TechNote 2015005: Interpreting Multicast Histograms

Document Identifier:TechNote 2015005 (replaces TechNote 2012003)
Document Date:August 31, 2015
Software Package:SWARM
Version:Swarm 6.5.0 or later


Swarm uses network multicast, among other things, to decide where replicas of objects should reside in the cluster both on initial write and during subsequent load balancing and validation by the health processor. Understanding how the multicast responses are tracked within Swarm can help administrators evaluate overall communication health in the cluster and potentially isolate communication issues.

The target audience for this paper is Swarm administrators.

Multicast Histogram Overview

Every Swarm cluster has different hardware and configuration. Within a cluster, client loads may change over time. Swarm maintains a multicast histogram to monitor cluster conditions and adjust expectations of multicast and UDP performance. Every time a node does a multicast, it times the round-trip time to responses that are heard from all nodes in the cluster. The last N times are kept in a circular buffer. The mean and tail values are used to determine how long to wait on UDP responses to multicast queries, where the tail is the value greater than a fraction f of the samples. The default values for N and f are 10,000 and 0.9998. These are configuration settings that can be adjusted.

Histogram Log Messages

The state of the multicast histogram sample is periodically logged. A set of sample log messages follows with an explanation of each message (numbered for convenience).

  1. Oct 11 09:52:44 omega15 2012-10-11 14:52:44,380 INTERNODE INFO: Multicasts: 474 (WRITEQUERY:12, REPQUERY:462)
  2. Oct 11 09:52:44 omega15 2012-10-11 14:52:44,380 INTERNODE INFO: Multicast responses sent late/stale: 1
  3. Oct 11 09:52:44 omega15 2012-10-11 14:52:44,380 INTERNODE INFO: Multicast Response Histogram
  4. Oct 11 09:52:44 omega15 2012-10-11 14:52:44,381 INTERNODE INFO: Total samples: 10.80 million, histogram of last 10000 samples
  5. Oct 11 09:52:44 omega15 2012-10-11 14:52:44,387 INTERNODE INFO: (min,mean,max)=(0.000456, 0.003729, 0.195042)
  6. Oct 11 09:52:44 omega15 2012-10-11 14:52:44,387 INTERNODE INFO: 99.980% of the samples are smaller than 0.150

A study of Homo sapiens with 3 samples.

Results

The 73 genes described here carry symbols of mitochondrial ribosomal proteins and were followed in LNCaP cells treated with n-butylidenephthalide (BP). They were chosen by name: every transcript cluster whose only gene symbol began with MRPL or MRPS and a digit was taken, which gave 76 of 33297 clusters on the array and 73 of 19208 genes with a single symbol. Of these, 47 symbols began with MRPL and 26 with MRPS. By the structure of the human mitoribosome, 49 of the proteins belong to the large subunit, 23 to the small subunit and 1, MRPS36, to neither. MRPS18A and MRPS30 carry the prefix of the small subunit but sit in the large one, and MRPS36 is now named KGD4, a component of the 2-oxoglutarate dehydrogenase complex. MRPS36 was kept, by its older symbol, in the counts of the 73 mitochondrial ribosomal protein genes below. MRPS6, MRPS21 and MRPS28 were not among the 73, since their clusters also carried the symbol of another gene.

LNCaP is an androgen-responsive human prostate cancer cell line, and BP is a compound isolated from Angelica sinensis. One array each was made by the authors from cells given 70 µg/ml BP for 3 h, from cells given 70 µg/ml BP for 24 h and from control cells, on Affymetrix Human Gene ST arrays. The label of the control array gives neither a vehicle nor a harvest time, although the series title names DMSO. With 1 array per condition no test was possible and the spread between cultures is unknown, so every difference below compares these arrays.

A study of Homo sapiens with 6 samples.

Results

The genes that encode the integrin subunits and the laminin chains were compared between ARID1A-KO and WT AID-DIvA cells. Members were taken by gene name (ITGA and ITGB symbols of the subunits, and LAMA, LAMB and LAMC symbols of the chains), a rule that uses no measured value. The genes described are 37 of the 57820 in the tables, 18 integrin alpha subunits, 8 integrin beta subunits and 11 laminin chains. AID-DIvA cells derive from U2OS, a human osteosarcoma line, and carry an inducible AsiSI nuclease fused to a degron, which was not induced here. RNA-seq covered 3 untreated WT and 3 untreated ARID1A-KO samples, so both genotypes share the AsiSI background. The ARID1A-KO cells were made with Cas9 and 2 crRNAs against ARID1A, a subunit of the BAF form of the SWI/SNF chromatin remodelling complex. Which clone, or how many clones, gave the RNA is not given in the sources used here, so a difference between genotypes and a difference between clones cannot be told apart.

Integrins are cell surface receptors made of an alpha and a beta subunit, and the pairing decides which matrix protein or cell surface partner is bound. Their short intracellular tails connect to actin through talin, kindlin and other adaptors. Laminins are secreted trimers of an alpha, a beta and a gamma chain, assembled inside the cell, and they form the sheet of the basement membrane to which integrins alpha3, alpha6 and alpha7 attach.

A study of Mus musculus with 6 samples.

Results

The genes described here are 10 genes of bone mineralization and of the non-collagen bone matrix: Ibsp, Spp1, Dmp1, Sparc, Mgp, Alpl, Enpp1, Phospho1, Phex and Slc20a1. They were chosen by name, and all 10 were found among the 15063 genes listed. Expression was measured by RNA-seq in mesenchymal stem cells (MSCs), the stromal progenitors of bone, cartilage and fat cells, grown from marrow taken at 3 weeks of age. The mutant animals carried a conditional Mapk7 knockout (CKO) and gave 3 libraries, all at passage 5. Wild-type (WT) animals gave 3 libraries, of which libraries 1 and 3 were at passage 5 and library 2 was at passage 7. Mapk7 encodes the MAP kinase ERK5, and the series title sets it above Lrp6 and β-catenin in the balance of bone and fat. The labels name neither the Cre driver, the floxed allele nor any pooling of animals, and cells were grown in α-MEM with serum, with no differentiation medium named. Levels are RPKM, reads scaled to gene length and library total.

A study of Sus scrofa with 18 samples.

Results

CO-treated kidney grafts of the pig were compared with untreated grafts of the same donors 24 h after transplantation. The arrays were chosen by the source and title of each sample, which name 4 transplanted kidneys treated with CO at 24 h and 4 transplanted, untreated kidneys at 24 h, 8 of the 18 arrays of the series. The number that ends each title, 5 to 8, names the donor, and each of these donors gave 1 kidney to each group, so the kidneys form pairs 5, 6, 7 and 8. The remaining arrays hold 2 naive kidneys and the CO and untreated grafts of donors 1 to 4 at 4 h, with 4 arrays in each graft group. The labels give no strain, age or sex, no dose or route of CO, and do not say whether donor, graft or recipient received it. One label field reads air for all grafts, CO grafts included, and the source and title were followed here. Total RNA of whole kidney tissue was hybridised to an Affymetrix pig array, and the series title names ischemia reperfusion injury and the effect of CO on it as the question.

7. Oct 11 09:52:44 omega15 2012-10-11 14:52:44,387 INTERNODE INFO: [9753, 19, 18, 16, 22, 15, 25, 20, 27, 36, 38, 7, 0, 0, 2, 1, 0, 0, 0, 1]

Message 1: This message details the number of multicasts done since the last report and a breakdown of the different types of multicasts. WRITEQUERY multicasts are used to determine where an object replica should best reside in the cluster. The HP does REPQUERY multicasts to look for other replicas in the cluster of a stream being examined.

Message 2: This message indicates responses that were delayed internally, arriving after the write query or rep query had stopped waiting for them. These do not indicate a system error, as there are transparent retry mechanisms where needed.

Message 4: This message indicates how many samples were taken and how many are remembered for the sake of the histogram statistics in subsequent lines. Samples are the response times for replica queries (one sample per response), regardless of multicast or unicast. However since multicasts ask for responses from the entire cluster, multicast responses will dominate the samples.

Message 5: The min/mean/max are the standard statistical operations on the sampled response times.

Message 6: The "99.980% of the samples are smaller" identifies a statistic that we call the "tail", the estimated time one would need to wait for a large majority of the responses, ignoring true outliers. This tail value impacts how long each replica query request waits to hear responses and can be reset using the 'cip.histogramTolerance' configuration setting.

Message 7: This message is a textual depiction of the histogram where each number represents the number of responses seen in 0.01 second-width buckets. It is common to see a longer list than above, which is short for clarity. Notice that the majority of the samples, 9753 out of 10,000 are in the first bucket with relatively few responses spread among the remaining buckets. This is a typical pattern.

Interpreting Histograms

Multicast histograms will vary from cluster to cluster and on a single cluster over time depending on the number of nodes, the network characteristics of the cluster, and the current activity within the cluster. In general, a cluster at rest with no inbound client activity and normal health processing activity (i.e. no volume recoveries in process) should have a sub-second histogram tail unless the cluster has high latency characteristics.
When under load the histogram mean, max and tail values will increase as nodes take longer to respond while they complete other tasks. This is normal and not indicative of a problem.
However, a tail value higher than a second for a cluster at rest or multi-second tail values for a cluster under light load can indicate network latency issues that should be investigated. Additionally, a single node with a much higher tail than other nodes in the cluster can indicate a hardware related network problem for that node. Similarly, if all nodes in the cluster except one have long histogram tails, this may indicate disk issues for the one node that is different, particularly if consumer grade drives are mistakenly in use. In this situation there should be log messages for ‘long I/Os’ for the one different node.

Since the multicast histogram is adaptive, it will react to other events or cluster changes besides the ones described above. Changes do not by themselves indicate a problem in the cluster but knowing the general histogram characteristics can be a valuable tool for evaluating both load and health in the cluster.